Grown-Up Fluff: Our Review of ‘Paris Can Wait’

Posted in Movies, Theatrical by - May 26, 2017
Grown-Up Fluff: Our Review of ‘Paris Can Wait’

Well there are vanity projects…and then there are VANITY projects…

Paris Can Wait takes this to the extreme as director Eleanor Coppola in her very first fictional feature gives us the equivalent of food porn and fantasy that while not all the while unpleasant just feels like a waste for the talent involved.

Anne (Diane Lane) is at a crossroads in her life. Long married to a successfully driven but inattentive movie producer (Alec Baldwin), she finds herself taking a car trip from Cannes to Paris with a business associate of her husband (Arnaud Viard). What should be a seven-hour drive turns into a journey of discovery involving fine food and wine, humor, wisdom, and picturesque sights.

While this trip up the French countryside is certainly one that is pleasing on the eyes, Paris Can Wait is middle aged romance meshed together with culture and a good helping of food porn.  There’s nothing wrong with it, but it’s something that you’ll forget about minutes after having left the theatre.

Being married to Francis Ford Coppola certainly does allow for a certain degree of pedigree in a project that is rife with nepotism, but to her credit Eleanor does quite a bit right here as director.  The picture is well shot and she moves the narrative along quite well making sure never to really get hung up anywhere serious along the way.  It also balances a light yet also serious tone as these characters not only enjoy each other’s company but explore the emotional nuances of the situation that they find themselves in.  However, while you can easily buy the story, the actual script is a little weak at times and it’s not hard to follow the thread that she is setting up for us.  Hardly a bad thing by any stretch but this film has a predictable market and audience that gets telegraphed from a mile away.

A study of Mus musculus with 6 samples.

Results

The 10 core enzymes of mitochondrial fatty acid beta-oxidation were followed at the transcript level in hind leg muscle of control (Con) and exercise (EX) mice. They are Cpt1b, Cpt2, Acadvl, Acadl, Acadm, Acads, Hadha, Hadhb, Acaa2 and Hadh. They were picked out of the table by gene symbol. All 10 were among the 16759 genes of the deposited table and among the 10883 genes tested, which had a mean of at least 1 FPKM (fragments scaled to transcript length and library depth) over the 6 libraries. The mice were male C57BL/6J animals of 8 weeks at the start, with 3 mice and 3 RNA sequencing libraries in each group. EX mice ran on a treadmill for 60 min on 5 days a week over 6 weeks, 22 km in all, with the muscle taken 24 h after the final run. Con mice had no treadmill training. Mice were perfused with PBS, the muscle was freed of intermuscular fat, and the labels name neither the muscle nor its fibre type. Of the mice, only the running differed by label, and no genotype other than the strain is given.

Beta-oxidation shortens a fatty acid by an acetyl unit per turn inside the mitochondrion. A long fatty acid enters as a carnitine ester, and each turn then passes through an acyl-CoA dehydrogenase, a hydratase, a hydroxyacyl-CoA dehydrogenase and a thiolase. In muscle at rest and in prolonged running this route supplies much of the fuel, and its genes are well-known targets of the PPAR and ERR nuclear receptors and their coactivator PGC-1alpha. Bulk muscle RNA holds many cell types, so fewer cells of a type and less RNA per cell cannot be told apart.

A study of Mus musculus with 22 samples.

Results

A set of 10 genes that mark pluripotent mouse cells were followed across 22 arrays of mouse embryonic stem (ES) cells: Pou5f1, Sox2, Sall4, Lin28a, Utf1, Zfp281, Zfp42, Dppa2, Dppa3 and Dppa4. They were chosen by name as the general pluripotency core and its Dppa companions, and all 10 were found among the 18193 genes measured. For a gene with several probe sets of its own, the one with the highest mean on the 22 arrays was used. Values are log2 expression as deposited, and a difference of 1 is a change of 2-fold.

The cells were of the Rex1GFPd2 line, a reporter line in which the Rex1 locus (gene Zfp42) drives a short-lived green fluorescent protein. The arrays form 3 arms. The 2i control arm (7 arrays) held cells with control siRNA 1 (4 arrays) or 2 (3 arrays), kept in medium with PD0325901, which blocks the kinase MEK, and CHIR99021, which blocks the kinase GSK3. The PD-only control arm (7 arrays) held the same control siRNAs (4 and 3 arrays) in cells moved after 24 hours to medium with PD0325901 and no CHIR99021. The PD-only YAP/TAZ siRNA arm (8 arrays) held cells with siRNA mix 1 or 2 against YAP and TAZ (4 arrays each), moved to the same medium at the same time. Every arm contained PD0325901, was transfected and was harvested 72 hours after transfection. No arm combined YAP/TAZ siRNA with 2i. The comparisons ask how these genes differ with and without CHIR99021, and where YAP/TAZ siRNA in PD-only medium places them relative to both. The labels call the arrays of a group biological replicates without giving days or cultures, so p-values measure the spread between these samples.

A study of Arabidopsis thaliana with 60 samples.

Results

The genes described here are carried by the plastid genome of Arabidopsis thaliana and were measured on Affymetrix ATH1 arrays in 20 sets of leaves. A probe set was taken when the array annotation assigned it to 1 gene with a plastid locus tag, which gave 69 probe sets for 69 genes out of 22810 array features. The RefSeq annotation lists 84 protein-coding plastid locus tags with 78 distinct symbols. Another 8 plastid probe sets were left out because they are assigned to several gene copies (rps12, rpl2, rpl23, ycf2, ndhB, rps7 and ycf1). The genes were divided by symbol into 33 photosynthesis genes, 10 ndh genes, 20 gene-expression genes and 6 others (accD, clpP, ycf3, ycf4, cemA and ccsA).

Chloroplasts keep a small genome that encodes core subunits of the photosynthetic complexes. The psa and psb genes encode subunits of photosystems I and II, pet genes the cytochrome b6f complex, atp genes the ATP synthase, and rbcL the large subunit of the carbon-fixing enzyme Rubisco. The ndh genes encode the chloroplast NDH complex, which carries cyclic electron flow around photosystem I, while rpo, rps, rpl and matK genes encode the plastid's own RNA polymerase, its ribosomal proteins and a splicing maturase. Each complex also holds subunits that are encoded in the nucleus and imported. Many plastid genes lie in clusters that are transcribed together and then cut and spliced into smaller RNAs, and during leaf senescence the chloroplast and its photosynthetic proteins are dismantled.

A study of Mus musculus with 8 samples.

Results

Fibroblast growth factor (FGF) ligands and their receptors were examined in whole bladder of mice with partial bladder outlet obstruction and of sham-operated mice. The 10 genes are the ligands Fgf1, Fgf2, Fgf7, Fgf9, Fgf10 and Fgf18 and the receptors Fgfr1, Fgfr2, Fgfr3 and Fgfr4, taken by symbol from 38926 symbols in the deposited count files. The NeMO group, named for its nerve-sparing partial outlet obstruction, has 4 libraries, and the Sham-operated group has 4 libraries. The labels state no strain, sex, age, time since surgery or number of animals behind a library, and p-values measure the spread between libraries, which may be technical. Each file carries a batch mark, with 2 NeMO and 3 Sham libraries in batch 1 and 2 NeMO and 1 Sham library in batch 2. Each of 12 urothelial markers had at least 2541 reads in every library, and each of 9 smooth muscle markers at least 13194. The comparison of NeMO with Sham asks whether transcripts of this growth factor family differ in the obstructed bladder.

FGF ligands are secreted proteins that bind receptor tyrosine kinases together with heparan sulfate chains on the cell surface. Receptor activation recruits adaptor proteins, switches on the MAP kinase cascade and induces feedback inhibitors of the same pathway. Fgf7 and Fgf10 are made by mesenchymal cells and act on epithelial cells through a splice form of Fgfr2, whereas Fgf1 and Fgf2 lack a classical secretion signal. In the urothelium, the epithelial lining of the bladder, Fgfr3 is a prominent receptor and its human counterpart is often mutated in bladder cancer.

The consistently underrated Diane Lane is fine enough as Anne as she gets to mine some of the material that she explored in Under The Tuscan Sun back in 2003 but she feels a little wasted here as the devoted yet neglected wife to Alec Baldwin.  It seems a shame that even in a movie directed by an old friend (Lane first worked with Francis Ford Coppola back in 1983 with both The Outsiders & Rumble Fish) she gets reduced to a generic female role when she has proven capable of so much better.  Alec Baldwin is barely there and Arnaud Viard plays the role of the charming yet eccentric Frenchman pretty well.  This movie has a formula and for better or for worse it sticks to it as do the performances in it.

Paris Can Wait is a competent affair, but it’s basically upper middle class middle aged fluff.  It’s pleasant in the moment, but when reality comes crashing back down to earth at the end of the film you’ll barely remember a single frame of the entire affair.